PhD Student Kate Hawnt tells about recent developments in her research:
Last week I had the honour of being invited to attend the book launch of a very special publication that has considerable significance for my research: A CONSTANT HEART: The War Diaries of Maud Russell 1938-1945, edited by Emily Russell. The event happened at the National Trust property Mottisfont Abbey, once home to Maud Russell and the rest of the Russell family. Her youngest son, Raymond, is the focus of my PhD. I was excited about attending for many reasons; working with the National Trust it is always a joy to visit one of their properties after dark and experience it in a way that is more akin to a past inhabitant’s life. I have enjoyed meeting and communicating with Emily Russell as part of my research over the past 2 years, so I was very keen to have the opportunity to see her work come to fruition and meet other members of the extended Russell family. The best thing about the launch for me was to see how the publication of some of Maud’s diaries has impacted the interpretation of the rooms at Mottisfont and the property’s renewed focus on this fascinating and important woman.
This book also has a significant bearing on my PhD, part of an AHRC Collaborative Doctoral Award project entitled The Making of the Modern Harpsichord. My work concentrates on Raymond Russell’s interest in and advocacy for the harpsichord and, in particular, his collection of early keyboard instruments now housed at St Cecilia’s Hall, at the University of Edinburgh. In my first chapter (near completion) I have focussed on his early life and the cultural milieu that he and his family belonged to. His cultural upbringing was heavily fostered by his mother, who was herself a renowned artistic patron and collector. Raymond’s privileged youth and early manhood was set against a backdrop of global political wranglings and the eventual outbreak and continuation of World War II which had a direct impact on both him and his family. To gain an insight into his mother’s mind via her diaries and, of utmost value, to contextualise Raymond’s past within this tumultuous setting has been a crucial part of my research.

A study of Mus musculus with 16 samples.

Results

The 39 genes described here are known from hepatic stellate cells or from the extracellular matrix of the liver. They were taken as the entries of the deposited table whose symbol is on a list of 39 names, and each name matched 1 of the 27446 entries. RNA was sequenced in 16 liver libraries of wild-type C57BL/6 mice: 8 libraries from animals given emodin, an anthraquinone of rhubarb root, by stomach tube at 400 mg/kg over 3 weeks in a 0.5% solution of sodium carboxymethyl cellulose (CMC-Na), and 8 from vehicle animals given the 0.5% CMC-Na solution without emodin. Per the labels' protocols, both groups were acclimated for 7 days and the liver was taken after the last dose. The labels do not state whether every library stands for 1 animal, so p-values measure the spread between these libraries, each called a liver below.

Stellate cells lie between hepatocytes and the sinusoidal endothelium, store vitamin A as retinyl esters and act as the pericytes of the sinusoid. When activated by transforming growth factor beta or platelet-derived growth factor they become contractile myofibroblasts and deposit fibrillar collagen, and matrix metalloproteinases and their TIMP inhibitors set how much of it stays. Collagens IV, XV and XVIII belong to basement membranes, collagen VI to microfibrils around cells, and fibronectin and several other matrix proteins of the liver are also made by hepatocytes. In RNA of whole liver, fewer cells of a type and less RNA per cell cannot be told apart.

The painstaking work of Emily Russell in her editing of this book has been of immense value to me. She has investigated every family friend and visitor mentioned, documenting their connection to the family and where appropriate their political, social and artistic status. Through a foreword by John Julius Norwich (a long standing family friend of the Russells), and an introduction by Emily, both Mottisfont Abbey and the Russell family’s position within the social and political scene have been contextualised beautifully. Emily helpfully reports on the progress of the war between Maud’s diary entries, illuminating the events that Maud comments on with an added poignancy.
The book has been important in confirming familial connections and political leanings that I have focussed on in my first chapter, shed new light on the artist Rex Whistler’s work at Mottisfont and provided more evidence for the Russells’ musical taste and Raymond’s early musical motivation. I am still finding new sources of information as I work my way through it and it has the added benefit of being a complete pleasure to read!
Many thanks to Emily Russell for her work and her invitation.